Still's Disease (cont.)
William C. Shiel Jr., MD, FACP, FACR
Dr. Shiel received a Bachelor of Science degree with honors from the University of Notre Dame. There he was involved in research in radiation biology and received the Huisking Scholarship. After graduating from St. Louis University School of Medicine, he completed his Internal Medicine residency and Rheumatology fellowship at the University of California, Irvine. He is board-certified in Internal Medicine and Rheumatology.
Catherine Burt Driver, MD
Catherine Burt Driver, MD, is board certified in internal medicine and rheumatology by the American Board of Internal Medicine. Dr. Driver is a member of the American College of Rheumatology. She currently is in active practice in the field of rheumatology in Mission Viejo, Calif., where she is a partner in Mission Internal Medical Group.
In this Article
- Still's disease facts
- What is Still's disease?
- What causes Still's disease?
- What are risk factors for Still's disease?
- How does Still's disease relate to juvenile idiopathic arthritis?
- What are symptoms and signs of Still's disease?
- How is Still's disease diagnosed?
- What is the frequency of Still's disease and its features?
- What is the treatment for Still's disease?
- Is it possible to prevent Still's disease?
- What Still's disease research is being done?
- What is the outlook (prognosis) with Still's disease?
What is the frequency of Still's disease and its features?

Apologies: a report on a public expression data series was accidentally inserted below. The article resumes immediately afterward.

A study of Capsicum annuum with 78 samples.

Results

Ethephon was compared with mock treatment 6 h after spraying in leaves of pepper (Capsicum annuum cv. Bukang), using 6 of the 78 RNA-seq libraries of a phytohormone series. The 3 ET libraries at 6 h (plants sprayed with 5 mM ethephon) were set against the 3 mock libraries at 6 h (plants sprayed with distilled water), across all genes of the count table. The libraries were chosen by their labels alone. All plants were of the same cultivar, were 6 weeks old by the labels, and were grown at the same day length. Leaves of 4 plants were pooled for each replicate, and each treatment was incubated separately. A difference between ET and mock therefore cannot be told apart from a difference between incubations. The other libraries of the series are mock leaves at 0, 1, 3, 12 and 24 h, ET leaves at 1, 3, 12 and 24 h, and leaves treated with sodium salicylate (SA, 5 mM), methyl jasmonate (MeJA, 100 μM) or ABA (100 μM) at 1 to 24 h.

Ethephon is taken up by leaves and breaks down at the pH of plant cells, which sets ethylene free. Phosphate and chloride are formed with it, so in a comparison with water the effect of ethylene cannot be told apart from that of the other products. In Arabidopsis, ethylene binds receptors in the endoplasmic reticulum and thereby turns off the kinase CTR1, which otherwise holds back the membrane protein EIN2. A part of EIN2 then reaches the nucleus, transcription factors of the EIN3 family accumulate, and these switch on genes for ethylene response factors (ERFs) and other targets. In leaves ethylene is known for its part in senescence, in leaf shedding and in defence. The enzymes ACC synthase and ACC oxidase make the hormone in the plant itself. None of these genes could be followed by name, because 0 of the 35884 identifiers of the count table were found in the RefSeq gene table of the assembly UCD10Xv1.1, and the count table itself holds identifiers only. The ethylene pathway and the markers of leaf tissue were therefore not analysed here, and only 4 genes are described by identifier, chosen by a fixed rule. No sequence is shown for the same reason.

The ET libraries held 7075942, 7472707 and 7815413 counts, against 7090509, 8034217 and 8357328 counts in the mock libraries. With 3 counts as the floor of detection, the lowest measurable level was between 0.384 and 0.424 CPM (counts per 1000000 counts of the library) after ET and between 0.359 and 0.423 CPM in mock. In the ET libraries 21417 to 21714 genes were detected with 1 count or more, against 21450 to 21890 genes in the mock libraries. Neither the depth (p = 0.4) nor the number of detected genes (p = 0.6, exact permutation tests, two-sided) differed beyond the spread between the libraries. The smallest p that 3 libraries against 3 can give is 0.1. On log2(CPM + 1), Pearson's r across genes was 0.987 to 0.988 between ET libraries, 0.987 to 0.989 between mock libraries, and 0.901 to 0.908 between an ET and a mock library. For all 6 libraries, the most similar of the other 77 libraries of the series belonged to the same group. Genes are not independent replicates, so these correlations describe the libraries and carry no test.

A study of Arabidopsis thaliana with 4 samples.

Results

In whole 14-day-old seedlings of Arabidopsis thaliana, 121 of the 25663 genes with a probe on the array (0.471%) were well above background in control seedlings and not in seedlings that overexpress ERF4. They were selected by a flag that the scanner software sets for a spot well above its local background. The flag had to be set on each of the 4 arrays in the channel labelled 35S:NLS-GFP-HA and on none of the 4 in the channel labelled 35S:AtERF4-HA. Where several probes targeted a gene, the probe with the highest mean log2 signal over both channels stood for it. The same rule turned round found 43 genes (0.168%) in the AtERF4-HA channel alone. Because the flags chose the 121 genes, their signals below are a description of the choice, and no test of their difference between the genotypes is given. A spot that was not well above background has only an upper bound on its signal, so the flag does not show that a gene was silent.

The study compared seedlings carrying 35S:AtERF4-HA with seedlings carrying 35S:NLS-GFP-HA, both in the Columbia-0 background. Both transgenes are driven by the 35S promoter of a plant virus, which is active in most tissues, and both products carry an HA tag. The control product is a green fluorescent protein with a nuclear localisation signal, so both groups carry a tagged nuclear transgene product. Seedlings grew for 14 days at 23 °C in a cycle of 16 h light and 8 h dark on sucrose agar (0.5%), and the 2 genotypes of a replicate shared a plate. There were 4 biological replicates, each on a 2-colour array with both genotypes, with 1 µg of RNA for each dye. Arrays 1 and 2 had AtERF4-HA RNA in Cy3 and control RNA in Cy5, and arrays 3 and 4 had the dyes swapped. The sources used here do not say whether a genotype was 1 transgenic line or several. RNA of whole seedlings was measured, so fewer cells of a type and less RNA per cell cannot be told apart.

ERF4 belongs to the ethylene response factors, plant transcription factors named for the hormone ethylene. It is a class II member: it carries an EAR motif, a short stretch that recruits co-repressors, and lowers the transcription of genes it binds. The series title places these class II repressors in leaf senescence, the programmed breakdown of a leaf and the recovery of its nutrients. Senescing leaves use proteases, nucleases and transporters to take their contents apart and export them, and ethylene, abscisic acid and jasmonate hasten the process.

Still's disease accounts for 10%-20% of all cases of JIA. It affects about 25,000-50,000 children in the United States. It is rare in adults, a majority of whom are between 20 and 35 years of age at the onset of symptoms.
Of all patients with Still's disease, 100% have high intermittent fever, and 100% have joint inflammation and pain, muscle pain with fevers, and develop persistent chronic arthritis. Approximately 95% of Still's disease patients have the faint salmon-colored skin rash, 85% have swelling of the lymph glands or enlargement of the spleen and liver, 85% have a marked increase in the white blood cell count, 60% have inflammation of the lungs (pleuritis) or around the heart (pericarditis), 40% have severe anemia, and 20% have abdominal pain.
What is the treatment for Still's disease?
Still's disease can cause serious damage to the joints, particularly the wrists. It can also impair the function of the heart and lungs. Treatment of Still's disease is directed toward the individual areas of inflammation. Many symptoms are often controlled with anti-inflammatory drugs such as aspirin or other nonsteroidal drugs (NSAIDs). It has been reported that some patients with Still's disease can frequently have elevations of liver function blood tests as a side effect of aspirin and sometimes other anti-inflammatory medications. Cortisone medications (steroids) such as prednisone are used to treat more severe features of illness.
Recently, because Still's disease has been found to involve a specific chemical messenger of inflammation known as interleukin 1 (IL-1), the injectable biologic medication anakinra (Kineret), which blocks IL-1, has been found to be a very effective treatment for Still's disease. Still’s disease also involves interleukin 6 (IL-6). Tocilizumab (Actemra), an intravenous treatment which blocks IL-6, has been approved by the FDA to treat systemic JIA in children.